This is part of my Solo Living: Yes You Can series. Click here to find the intro and all the topics.
I almost feel like this post is unnecessary. But there may still be some people out there who can't imagine going out by themselves and buying a ticket in a theater where they will sit alone and finding it enjoyable.
Full truth -- I have been going to movies by myself since high school, and in all honesty, it's probably my preferred way to do it. Sometimes -- ON VERY RARE OCCASIONS -- I go to a theater with a friend. This person must be very special. They can't commit any of the movie theater sins, such as talking, texting, pointing out my emotions, and eating giant handfuls of popcorn, instead of one piece at a time, savoring it.
I recall the first time I experienced the cinema solo. I wanted to see Robin Hood: Prince of Thieves, starring Kevin Costner. I also wanted to see another movie, but I can't remember what it was. Maybe it was Bill and Ted's Bogus Journey. Those two films both came out in summer of 1991, so it's a strong possibility. None of my friends or family wanted to see the movie, so I asked my Mom to drop me off at the movie theater at a time that would allow me to watch two movies in a row back to back. Although I was unsure what it would be like, I had read an article in a magazine about going to the movies by yourself and how great it was. I found that I enjoyed it thoroughly in a way that I didn't expect.
Years go by, and although I still saw plenty of movies with others, I continued to see movies alone when it was necessary. My older sister was a frequent movie pal, as well as a few college friends. There were particular people that always seemed to be down for a movie. Around college and grad school, I was always seemed to have friends that were movie buffs like me and not too picky about the genres or actors.
These days, to be honest, it's normally easier to just go alone. As a cinephile, I try to keep up with what movies are coming out. Although I can't see everything, I am aware of what is coming out across genres, styles, directors, and both indie and mainstream films. If I want to see a blockbuster, like something from a franchise or a superhero movie, it's not too hard to find a buddy, but if you want to see something like Oldroyd's Lady MacBeth, Coppola's The Beguiled, or Scorsese's Silence, most people don't know what the movie is about and feel apprehensive about seeing an independent picture. Plus many feel meh-ish about going to movie theaters in general and would rather chill at home with streaming services.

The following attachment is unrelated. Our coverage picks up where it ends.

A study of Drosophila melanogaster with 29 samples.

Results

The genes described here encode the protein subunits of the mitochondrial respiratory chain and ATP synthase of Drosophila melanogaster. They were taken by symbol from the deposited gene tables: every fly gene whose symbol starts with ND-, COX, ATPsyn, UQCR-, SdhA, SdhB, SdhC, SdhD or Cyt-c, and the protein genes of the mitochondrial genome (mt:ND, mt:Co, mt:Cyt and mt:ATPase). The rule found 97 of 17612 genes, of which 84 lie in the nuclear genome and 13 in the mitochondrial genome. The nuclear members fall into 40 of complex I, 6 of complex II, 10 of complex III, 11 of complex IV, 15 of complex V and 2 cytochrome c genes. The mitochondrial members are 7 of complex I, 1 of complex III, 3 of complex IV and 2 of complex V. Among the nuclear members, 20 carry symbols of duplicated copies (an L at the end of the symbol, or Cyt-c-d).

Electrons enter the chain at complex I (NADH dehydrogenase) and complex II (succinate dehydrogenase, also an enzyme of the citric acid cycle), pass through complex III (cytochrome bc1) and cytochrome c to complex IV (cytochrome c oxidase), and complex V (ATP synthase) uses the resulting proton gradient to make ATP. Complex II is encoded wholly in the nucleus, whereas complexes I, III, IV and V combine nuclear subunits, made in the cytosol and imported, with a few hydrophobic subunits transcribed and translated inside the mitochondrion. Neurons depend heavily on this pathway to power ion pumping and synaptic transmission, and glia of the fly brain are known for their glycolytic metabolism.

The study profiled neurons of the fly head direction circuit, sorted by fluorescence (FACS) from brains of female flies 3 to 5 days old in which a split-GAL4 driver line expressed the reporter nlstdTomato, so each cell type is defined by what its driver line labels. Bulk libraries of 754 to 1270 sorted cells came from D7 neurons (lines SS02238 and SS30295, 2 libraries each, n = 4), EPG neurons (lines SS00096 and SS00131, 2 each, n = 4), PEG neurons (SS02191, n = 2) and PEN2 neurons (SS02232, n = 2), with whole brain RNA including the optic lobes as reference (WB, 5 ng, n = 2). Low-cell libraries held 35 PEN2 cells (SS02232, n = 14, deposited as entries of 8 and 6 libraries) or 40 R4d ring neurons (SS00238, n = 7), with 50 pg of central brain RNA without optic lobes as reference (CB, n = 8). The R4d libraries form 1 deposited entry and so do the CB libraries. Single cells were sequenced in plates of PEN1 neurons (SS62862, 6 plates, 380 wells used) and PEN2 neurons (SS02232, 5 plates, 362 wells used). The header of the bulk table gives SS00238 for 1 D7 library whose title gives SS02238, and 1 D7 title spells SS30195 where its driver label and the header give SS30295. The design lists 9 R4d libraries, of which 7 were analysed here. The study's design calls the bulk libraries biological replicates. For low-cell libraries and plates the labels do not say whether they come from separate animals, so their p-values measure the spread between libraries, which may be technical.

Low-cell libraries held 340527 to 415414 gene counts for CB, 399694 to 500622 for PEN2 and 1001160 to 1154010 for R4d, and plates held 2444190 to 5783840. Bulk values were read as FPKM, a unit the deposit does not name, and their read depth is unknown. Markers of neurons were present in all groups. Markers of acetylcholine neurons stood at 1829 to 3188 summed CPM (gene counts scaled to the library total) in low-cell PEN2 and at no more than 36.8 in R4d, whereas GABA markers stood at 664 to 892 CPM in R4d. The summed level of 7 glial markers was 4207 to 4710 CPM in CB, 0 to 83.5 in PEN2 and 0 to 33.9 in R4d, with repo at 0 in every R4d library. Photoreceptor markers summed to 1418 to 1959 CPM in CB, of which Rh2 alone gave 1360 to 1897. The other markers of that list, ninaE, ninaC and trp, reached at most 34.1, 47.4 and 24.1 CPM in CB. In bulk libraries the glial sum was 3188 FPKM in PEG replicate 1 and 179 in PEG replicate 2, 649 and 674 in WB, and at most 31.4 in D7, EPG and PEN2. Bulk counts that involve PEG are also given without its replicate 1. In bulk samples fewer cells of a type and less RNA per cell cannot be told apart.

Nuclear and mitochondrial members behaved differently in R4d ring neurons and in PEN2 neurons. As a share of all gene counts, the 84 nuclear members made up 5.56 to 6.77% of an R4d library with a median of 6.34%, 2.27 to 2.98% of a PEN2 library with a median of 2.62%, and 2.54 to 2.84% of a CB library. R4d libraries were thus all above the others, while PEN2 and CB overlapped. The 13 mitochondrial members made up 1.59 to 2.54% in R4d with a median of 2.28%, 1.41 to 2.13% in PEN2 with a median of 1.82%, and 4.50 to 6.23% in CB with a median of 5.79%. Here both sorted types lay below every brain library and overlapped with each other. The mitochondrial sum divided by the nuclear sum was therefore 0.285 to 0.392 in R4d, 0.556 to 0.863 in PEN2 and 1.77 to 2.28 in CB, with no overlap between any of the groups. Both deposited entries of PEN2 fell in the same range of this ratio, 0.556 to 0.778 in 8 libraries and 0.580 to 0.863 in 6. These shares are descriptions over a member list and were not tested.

Sometimes I can talk people into going with me, but most of the time because of scheduling, cost, disinterest in the pictures I want to see, or other plans, I end up going alone. And that's just fine with me.
Here are reasons it's better to go alone.
- No one will interrupt your experience with questions, annoying comments, their "analysis" of the movie while you are trying to watch the picture.
- This is related to the first point, but no one to slyly or gleefully tell that their prediction came true: "I knew it." Please, just shut up. I don't care.
- No annoying snack sharing will happen. No, I don't want to share a drink with you. And do you really have to take giant handfuls of popcorn at once, removing all the buttery topping I applied?
- If there is a heavy theme or thought-provoking plot, you can have time to let it soak and gather your thoughts before having to talk. I once dated a guy who knew I loved movies. As soon as we could finish the picture, especially if I was crying, he would say, "What did you think?" Too soon, man, too soon.
- It's easier to find seats because you are one.
The only thing that is hard about going alone, is there is no one to "watch your stuff" for you if you have to get up to use the bathroom, so you have to either lug everything with you or trust humanity by leaving yours things unattended. Try going to movies by yourself if you have never done so. You may discover it's the best decision you ever made.